What Does It Really Mean to be Committed to Food Safety?

14 Jun 2024

Navigate Food Safety Solutions

What Does It Really Mean to be Committed to Food Safety?

Today, we're diving into the true meaning of being committed to food safety, which often starts at the top, with upper management. In this post, we will define management's role in food safety and explore this commitment from a management system perspective

Management’s Role in Food Safety

First up, let’s talk about management’s role. Imagine management as the captain of a ship. They set the direction and course for the facility. To do this effectively, they need to be well-informed, understand where they are, where they’re heading, and comprehend the information coming their way.

They must stay involved, as their second role dictates that when something goes wrong, it's management's job to steer the ship back on course. This involves holding people accountable, coaching, or reallocating resources like money, equipment, or personnel. The ultimate goal is to perform well and avoid crises. In a crisis, it’s management that steps up, manages the situation, and takes responsibility.

Measuring Commitment Through Performance

Commitment is reflected in performance, which we measure using Key Performance Indicators (KPIs). We'll identify KPIs that indicate strong commitment and those that might suggest otherwise.

Common KPIs and Their Limitations

Let's examine some common KPIs in food safety. Most food manufacturers aim for zero recalls, high GFSI scores, and fewer complaints. While these are commendable goals, they aren't necessarily the best indicators of food safety performance.

For instance, having zero recalls doesn’t automatically mean great food safety. You could have poor practices that go undetected. Similarly, prepping for a high GFSI score might involve superficial cleaning just before an audit, rather than maintaining year-long cleanliness. Complaints can be reduced through various means that don’t always impact food safety directly, such as redefining them as “comments”. Thus, these indicators might not truly measure commitment to food safety.

Why Use These Indicators?

Often, it’s because certification standards require multiple measurable objectives. The examples given above are objectives that are easy to set and meet. However, they may not always drive true improvement. For auditors, it's challenging to measure the actual impact of these objectives on food safety.

A more meaningful approach is needed. Effective KPIs should align with not only certifications but also the specific risks of your facility. They should distinguish between good and poor performance, pushing for continuous improvement. Let's take a look at some practical examples.

Practical KPI Examples

  • Pest Activity: In baking, an acceptable limit might be two mice per quarter. Exceeding this may signal a pest control and/or sanitation issue. Similarly, in a flour mill, you might monitor insects per bulk load, with different acceptable limits depending on the size of the operation.

  • Equipment Breakdowns: Frequent mechanical failures could increase foreign material contamination risks. Tracking these occurrences can help improve food safety management. The goal is always to strive for zero, but realistic and industry-specific KPIs help us measure and manage effectively.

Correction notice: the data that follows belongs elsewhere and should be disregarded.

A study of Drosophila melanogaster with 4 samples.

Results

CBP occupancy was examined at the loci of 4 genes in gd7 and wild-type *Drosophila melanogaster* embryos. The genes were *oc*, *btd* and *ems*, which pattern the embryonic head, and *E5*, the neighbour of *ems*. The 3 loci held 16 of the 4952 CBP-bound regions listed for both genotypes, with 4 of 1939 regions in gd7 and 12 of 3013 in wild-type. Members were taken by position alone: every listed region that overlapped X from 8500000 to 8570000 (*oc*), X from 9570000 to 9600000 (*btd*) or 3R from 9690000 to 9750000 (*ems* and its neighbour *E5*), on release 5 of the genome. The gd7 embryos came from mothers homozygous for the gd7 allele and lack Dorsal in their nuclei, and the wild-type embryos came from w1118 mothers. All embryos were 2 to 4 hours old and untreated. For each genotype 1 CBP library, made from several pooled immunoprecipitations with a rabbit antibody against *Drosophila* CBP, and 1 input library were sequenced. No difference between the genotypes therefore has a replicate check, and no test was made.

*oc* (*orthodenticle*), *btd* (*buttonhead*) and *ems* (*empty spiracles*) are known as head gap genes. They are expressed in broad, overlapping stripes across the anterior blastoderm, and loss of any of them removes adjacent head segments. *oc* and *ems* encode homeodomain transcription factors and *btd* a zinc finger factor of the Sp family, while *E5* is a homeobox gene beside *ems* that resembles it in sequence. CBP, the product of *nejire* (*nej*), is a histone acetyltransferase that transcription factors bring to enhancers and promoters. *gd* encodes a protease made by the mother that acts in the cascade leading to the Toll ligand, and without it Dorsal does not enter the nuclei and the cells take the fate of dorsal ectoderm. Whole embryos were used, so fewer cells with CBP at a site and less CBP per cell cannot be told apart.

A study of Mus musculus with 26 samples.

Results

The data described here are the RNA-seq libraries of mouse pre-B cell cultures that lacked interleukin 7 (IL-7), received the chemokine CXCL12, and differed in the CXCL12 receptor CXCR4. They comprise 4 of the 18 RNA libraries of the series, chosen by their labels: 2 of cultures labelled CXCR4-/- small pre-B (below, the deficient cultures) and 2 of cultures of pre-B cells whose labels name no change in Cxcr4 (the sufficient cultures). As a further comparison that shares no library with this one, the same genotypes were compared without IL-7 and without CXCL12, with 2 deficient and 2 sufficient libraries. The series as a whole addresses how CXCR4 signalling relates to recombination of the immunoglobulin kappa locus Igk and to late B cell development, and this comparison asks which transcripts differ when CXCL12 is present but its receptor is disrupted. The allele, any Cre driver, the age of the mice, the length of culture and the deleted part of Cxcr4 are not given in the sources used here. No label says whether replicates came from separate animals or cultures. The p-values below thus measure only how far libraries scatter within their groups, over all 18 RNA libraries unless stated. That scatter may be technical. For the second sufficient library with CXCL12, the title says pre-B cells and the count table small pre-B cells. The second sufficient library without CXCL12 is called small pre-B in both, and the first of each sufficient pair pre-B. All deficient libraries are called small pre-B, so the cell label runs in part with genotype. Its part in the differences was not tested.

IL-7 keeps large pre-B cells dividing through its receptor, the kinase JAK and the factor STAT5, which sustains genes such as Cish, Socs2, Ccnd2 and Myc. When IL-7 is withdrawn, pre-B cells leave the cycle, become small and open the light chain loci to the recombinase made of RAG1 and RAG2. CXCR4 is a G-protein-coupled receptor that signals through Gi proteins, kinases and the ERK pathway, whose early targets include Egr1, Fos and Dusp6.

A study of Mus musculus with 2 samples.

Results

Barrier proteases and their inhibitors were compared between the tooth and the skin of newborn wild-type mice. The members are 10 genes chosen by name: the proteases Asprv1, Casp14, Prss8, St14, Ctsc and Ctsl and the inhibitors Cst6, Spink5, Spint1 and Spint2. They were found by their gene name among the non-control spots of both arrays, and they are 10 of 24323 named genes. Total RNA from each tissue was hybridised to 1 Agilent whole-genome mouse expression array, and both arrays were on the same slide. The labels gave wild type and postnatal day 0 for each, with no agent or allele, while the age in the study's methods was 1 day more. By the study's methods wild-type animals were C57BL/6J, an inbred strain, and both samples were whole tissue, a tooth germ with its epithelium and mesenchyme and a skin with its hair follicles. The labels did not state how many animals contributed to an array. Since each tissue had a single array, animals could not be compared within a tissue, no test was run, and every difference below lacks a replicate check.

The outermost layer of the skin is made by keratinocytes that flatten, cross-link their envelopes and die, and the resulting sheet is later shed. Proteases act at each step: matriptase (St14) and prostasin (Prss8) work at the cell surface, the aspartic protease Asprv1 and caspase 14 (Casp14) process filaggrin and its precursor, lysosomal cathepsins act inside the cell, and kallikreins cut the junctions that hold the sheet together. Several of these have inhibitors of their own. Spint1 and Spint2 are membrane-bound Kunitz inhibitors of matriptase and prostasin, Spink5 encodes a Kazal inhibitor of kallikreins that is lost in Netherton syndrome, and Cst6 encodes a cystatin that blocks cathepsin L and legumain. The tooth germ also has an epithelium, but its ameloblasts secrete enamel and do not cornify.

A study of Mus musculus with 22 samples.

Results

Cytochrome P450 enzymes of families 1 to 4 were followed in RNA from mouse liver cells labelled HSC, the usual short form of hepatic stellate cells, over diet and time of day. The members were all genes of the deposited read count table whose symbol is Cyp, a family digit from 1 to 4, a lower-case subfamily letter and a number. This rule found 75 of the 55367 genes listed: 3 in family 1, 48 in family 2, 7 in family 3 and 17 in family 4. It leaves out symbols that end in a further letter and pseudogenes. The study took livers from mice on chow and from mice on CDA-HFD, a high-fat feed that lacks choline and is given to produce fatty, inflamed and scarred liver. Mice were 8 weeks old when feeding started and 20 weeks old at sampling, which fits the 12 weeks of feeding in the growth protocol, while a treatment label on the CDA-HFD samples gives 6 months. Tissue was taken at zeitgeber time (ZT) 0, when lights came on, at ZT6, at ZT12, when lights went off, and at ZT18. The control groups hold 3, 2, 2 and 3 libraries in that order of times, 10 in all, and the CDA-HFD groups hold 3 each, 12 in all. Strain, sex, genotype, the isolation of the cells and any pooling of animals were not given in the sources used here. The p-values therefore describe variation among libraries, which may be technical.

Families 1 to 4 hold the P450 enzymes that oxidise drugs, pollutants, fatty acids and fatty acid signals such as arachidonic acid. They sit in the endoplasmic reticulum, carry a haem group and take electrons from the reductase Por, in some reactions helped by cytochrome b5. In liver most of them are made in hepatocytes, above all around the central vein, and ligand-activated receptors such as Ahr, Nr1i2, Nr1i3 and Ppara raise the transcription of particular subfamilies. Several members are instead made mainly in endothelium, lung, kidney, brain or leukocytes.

Understanding the specific risks of a given facility and aligning KPIs with those risks ensures that we are genuinely committed to food safety.

Effective Leadership in Food Safety

Establishing KPIs is crucial, but translating plans into action requires good leadership. Day-to-day actions matter significantly, and leading is less about what you do and more about how you do it.

A good leader must be innovative, inspire trust, and lead by example. Think about managers you've worked with; the good ones likely made you feel included and valued in their vision. Effective leadership involves setting clear intentions, being transparent, and demonstrating commitment through small, consistent actions.

Different situations call for different leadership styles. For everyday operations, a diplomatic approach might work best. During a crisis, an authoritative stance could be necessary. The underlying foundation of trust and strong leadership paves the way for effective crisis management.

Engaging with Your Team

Successful leaders engage with their teams, be it through conversations on the floor, addressing concerns, or demonstrating visible commitment. This engagement builds a culture where everyone feels responsible for food safety, ensuring sustained commitment even when not observed directly.

For instance, one plant owner told us they value conversations with floor employees to understand the real culture and issues within a facility. Similarly, another facility integrates food safety into every operational practice, emphasizing integrity. Tracking trends, such as employee-reported concerns, also indicates a dedicated commitment to food safety.

Building a Food Safety Culture

Building a food safety culture involves understanding, engaging, and leading by example. A series of small, deliberate actions over time can drive significant change. Managers must set the tone and direction, demonstrating commitment not just through KPIs but also through everyday leadership actions.

Being genuinely committed to food safety requires an understanding of risks, meaningful measurement through specific KPIs, and strong, consistent leadership that engages and empowers teams. By setting clear directions and continually improving, we can ensure a robust food safety culture within any facility.